And the winner is…

By Elizabeth Greenberg, Staff Writer

Welcome back.  Last month I asked readers choose this month’s itinerary, and to my delight, you settled on Japan! 

And the winner is…

By Elizabeth Greenberg, Staff Writer

Welcome back.  Last month I asked readers choose this month’s itinerary, and to my delight, you settled on Japan! 

My interest in Chinese and Japanese culinary exchange dates back to 2001, and more specifically to cheap restaurant meals in Beijing with my Japanese roommate.  From her I learned differences between Japanese and Chinese table manners (leave the rice bowl on the table rather than lifting it to your mouth; don’t ever stick chopsticks upright in rice) and that you could get proper Japanese curry in Beijing at a little restaurant called Shuangma.   I also learned a little about broader cultural tensions between the countries from profanities yelled at soccer games.
     
Japanese industrialization began in earnest during the Meiji period.  During that time, the West heavily pressured Japan to accept foreign influence, and Japan pressured itself to “shed Asia” and join the modern world.  It’s hard to both accept and reject foreign influences, but Japan’s attempt to do both has had a fascinating effect on modern Japanese culture. 
     
When foreign influences hit Japan, they adapt to local tastes, as expected, but Japanese culture resists absorbing those influences. The end result is that adaptations are solemnly treated as authentic representations of their cultures of origin.  Many people in Japan genuinely believe that eating KFC for Christmas is an American tradition, and that pasta with corn or fish eggs is authentic Italian food.  And the set of borrowed English words with mangled meanings (like “purasudoraibā"which means “Phillips screwdriver” but is a transliteration of “plus driver”) is so large that it has a name, wasei-eigo: literally, “made-in-Japan English.”
     
Chinese food in Japan fits this pattern perfectly. Chuka, short for chuka ryōri, is a Japanese term for Japanese-style Chinese food. A number of chuka dishes are not too far removed from their original Chinese form, like gyoza (Japanese dumplings) or the spicy tofu dish, mabodofu, that was popularized in 1953 by chef Chen Kenmin. However, while most of the dishes are unrecognizable as Chinese to the Chinese, they’re mistakenly thought of as genuine Chinese food in Japan and are not considered Japanese: they are essentially a cuisine without a homeland.  This pattern also shows up demographically: despite the fact that chuka is considered to be Chinese food, it’s anomalous to be a Chinese chef of Chinese origin in Japan.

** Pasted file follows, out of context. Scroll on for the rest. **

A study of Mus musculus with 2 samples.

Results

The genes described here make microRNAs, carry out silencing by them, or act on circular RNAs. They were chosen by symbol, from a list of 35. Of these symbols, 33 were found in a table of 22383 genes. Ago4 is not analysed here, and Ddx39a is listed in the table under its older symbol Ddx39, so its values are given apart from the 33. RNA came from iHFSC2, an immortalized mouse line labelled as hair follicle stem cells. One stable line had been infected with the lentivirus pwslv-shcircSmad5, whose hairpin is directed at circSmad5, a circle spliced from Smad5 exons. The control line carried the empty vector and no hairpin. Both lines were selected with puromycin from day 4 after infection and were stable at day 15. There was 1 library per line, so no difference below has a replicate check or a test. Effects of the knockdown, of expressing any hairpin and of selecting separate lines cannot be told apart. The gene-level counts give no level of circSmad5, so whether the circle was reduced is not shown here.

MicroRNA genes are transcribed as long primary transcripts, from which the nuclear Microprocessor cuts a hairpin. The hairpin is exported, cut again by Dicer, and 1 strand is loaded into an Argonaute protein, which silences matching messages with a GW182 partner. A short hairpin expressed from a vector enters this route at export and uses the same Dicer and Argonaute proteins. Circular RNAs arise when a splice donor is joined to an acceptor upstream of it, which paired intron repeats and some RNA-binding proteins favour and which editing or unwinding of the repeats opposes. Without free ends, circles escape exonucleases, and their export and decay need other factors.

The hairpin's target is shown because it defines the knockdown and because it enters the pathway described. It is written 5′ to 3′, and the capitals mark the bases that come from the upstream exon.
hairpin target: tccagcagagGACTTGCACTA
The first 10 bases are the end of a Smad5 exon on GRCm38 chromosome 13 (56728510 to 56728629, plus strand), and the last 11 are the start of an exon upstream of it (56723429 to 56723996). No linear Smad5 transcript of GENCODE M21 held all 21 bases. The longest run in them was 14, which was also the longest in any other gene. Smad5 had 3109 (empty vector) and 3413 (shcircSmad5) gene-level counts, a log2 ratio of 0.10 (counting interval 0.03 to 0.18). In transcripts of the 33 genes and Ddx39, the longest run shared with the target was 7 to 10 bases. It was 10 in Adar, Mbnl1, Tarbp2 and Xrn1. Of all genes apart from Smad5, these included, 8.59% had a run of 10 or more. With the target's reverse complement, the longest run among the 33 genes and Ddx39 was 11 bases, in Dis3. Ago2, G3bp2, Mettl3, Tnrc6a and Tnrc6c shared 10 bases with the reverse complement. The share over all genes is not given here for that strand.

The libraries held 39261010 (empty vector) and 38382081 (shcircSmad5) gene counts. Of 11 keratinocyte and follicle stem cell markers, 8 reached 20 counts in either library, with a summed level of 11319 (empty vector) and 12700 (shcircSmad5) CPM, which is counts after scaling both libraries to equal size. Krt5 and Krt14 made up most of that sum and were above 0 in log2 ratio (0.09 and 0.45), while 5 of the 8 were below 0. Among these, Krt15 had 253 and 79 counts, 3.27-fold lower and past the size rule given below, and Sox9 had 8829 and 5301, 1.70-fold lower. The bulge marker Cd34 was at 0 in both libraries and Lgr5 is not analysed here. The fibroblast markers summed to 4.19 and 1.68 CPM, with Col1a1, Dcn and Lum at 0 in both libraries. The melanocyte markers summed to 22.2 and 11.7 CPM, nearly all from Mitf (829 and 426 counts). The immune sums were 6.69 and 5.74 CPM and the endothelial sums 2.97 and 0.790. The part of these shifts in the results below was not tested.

I know, I know—the history’s interesting, but what’s the food like?  Well, you might be surprised to learn that one of the most popular Chinese-styleMiso_ramen dishes in Japan is ramen.  Yes, the noodles, though usually fancier ramen than the stuff college students live off here. And even though Chinese food is treated differently, it still has adapted to local tastes and ingredients. For example, several popular dishes like miso ramen and Hoi Kō Rō (a cabbage and pork dish) use as an ingredient miso, a fermented soybean paste that doesn’t exist in Chinese cuisine. Chinese cuisine has even adapted to the local environment: dim sum carts are hard to find in Japan, but finding dim sum in a café-like setting is a lot easier.
     
Best Restaurant Worldwide
The Japanese Chinese restaurant with the most interesting story is almost certainly Reikasai, also known sometimes as Emperor Li Family Cuisine.  As the second name indicates, the family owning the restaurant has a rather illustrious history: an ancestor of theirs, Li Zijia, was a minister for empress Cixi of the Qing dynasty, and the restaurant’s recipes have been passed down since that era.  A warning, though: the story doesn’t come cheap.  Set menus at the restaurant can cost up to US$400.

Miso-ramin
     
That’s it for now!  Join us next year as we head to Singapore, which food blogger Samantha describes as “the only majority Chinese country that is not, by someone’s interpretation, part of China.”